NASHVILLE, Tenn. (WVLT) -- With the Supreme Court upholding much of the Patient Protection and Affordable Care Act Thursday morning, many in Tennessee are wondering how the decision affects them.
In a statement released shortly after the verdict, Gov. Bill Haslam said his biggest problem with the Affordable Care Act was that it "takes away the flexibility for states to encourage healthy behavior, will cost Tennessee hundreds of millions of dollars, and does nothing to solve the crisis of the cost of health care in America."
Cost concerns are another reason Haslam said he wants the law struck down.
“The Supreme Court may have failed to declare the entire health-care law unconstitutional, but it is still an historic mistake that expanded a health-care system we already knew we couldn’t afford," said Sen. Lamar Alexander (R-TN).
“This is a sad day for health care, personal freedom and those opposed to the intrusion of big government into their lives. This was a law that we did not ask for, do not need and cannot afford," said Rep. Scott DeJarlais, M.D. (R-TN)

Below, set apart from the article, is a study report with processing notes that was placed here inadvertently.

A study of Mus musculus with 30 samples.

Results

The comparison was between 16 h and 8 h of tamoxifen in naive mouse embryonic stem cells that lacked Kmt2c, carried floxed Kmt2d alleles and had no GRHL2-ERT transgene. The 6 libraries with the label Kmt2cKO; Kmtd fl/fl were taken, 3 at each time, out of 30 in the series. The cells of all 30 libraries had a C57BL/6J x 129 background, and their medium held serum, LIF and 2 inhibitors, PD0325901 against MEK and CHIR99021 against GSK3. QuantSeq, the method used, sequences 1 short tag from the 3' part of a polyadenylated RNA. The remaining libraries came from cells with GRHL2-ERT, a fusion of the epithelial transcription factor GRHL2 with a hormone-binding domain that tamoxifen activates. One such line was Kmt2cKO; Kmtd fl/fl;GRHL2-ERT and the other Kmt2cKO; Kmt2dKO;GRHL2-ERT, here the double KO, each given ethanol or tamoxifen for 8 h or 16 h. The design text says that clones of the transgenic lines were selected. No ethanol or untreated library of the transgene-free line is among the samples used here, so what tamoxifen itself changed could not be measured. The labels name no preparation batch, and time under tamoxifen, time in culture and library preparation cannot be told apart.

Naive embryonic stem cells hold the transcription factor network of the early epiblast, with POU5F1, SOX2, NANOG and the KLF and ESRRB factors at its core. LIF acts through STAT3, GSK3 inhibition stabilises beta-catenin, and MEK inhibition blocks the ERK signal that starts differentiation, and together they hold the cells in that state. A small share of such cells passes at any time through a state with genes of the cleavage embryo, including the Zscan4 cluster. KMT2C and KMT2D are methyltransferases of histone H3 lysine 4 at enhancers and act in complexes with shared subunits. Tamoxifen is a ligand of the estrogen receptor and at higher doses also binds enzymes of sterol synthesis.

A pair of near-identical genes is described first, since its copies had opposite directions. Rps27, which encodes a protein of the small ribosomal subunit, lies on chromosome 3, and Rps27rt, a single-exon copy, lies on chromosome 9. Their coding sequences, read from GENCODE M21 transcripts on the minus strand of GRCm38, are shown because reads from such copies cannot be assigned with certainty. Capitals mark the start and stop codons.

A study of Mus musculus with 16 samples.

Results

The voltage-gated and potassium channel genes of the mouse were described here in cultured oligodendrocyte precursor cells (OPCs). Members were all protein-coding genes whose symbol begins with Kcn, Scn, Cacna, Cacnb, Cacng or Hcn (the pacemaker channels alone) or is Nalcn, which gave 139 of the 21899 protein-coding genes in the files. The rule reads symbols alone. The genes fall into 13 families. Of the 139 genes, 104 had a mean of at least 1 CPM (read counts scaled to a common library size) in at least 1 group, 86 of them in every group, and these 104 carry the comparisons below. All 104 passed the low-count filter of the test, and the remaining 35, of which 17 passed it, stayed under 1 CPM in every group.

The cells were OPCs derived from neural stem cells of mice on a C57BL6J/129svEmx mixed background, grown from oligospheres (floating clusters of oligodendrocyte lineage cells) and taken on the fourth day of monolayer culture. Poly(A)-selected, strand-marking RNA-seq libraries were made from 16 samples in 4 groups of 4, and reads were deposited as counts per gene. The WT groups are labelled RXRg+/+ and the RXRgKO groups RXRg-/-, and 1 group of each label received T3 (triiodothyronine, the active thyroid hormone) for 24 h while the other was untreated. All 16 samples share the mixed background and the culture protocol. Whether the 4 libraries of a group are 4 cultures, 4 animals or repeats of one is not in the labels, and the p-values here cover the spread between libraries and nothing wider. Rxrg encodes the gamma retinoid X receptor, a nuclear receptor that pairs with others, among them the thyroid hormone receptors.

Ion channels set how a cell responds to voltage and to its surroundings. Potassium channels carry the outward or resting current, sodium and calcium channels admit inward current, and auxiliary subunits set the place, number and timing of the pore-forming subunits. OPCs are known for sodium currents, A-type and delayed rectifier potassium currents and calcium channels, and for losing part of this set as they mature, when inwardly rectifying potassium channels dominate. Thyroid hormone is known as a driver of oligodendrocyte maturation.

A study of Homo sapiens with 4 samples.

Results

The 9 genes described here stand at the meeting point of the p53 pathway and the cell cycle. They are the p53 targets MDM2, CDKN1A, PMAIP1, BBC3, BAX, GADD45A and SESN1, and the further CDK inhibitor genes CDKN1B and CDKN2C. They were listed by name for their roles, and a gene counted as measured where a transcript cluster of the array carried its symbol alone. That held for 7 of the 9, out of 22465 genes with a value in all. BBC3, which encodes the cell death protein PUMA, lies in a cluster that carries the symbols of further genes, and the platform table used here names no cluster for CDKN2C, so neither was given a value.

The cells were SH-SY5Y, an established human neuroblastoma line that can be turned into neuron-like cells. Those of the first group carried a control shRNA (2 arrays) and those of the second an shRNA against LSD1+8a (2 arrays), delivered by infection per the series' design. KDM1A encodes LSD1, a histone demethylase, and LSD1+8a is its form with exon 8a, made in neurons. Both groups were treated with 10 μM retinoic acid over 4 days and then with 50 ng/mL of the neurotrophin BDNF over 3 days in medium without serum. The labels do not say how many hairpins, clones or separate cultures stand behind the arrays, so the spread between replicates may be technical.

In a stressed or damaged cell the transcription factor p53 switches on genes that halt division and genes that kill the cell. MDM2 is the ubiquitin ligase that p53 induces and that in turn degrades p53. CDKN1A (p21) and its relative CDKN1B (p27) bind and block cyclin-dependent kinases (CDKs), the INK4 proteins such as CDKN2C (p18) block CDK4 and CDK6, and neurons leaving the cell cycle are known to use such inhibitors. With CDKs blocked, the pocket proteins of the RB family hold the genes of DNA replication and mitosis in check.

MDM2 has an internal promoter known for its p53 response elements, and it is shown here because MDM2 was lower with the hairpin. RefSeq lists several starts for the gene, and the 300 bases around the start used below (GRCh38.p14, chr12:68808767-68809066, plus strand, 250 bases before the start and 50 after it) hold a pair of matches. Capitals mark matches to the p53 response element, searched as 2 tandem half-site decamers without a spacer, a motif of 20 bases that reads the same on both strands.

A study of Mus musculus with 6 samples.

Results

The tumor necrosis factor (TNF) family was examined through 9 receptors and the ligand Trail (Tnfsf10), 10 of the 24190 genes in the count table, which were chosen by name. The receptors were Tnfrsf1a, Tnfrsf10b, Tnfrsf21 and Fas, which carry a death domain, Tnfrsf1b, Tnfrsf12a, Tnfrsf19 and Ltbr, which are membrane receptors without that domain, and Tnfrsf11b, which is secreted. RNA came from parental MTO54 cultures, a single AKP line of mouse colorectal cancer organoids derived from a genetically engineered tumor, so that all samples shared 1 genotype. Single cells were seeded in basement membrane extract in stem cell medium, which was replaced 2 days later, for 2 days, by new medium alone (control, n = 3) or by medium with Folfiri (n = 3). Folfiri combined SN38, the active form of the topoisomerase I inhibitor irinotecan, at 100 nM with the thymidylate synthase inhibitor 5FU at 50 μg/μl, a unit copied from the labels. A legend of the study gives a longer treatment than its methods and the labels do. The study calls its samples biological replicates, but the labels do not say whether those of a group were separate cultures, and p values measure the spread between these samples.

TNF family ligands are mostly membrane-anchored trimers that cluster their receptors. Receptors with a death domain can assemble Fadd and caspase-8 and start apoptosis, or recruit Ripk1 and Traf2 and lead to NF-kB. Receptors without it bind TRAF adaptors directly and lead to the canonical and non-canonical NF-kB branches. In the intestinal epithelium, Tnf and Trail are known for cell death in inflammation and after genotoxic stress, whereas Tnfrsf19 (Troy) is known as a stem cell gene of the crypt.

Despite serious resistance among Republican lawmakers to lay the groundwork for the program, though, the Republican Governorsaid it has made steady progress on establishing the health insurance exchange required by the law, though he told reporters this week that final legislative approval can wait until January.
"There are no more excuses for delay," states Beth Uselton, Executive Director of the Tennessee Health Care Campaign. "The Patient Protection and Affordable Care Act is the law of the land, and it is time for state lawmakers to start taking responsibility for ensuring that Tennessee families have the rights and protections guaranteed to them by the law."
The U.S. Census shows about 15 percent of Tennesseans didn't have health insurance in 2010.
Several provisions of the Health Care Act have already gone into effect. According to the statistics provided by the Dept. of Health and Human Services (HHS), nearly 800,000 people with Medicare were able to get free preventive services or a free annual wellness visit. Eighty-two thousand Medicare recipients were able to save just under $600 per person on average because of a 50% discount on brand-name prescription drugs.
By the end of last year, 59,000 children under 26 were able to stay on their parents insurance plans. Almost 900 previously uninsured Tennesseans were able to get coverage through the Pre-Existing Condition Insurance Plan.
The HHS credited over $15 million in grants from the Prevention and Public Health Fund with ensuring all Tennesseans will have "longer, more productive lives." It also said the state has received almost $47 million for to build more community health centers and maintain current ones.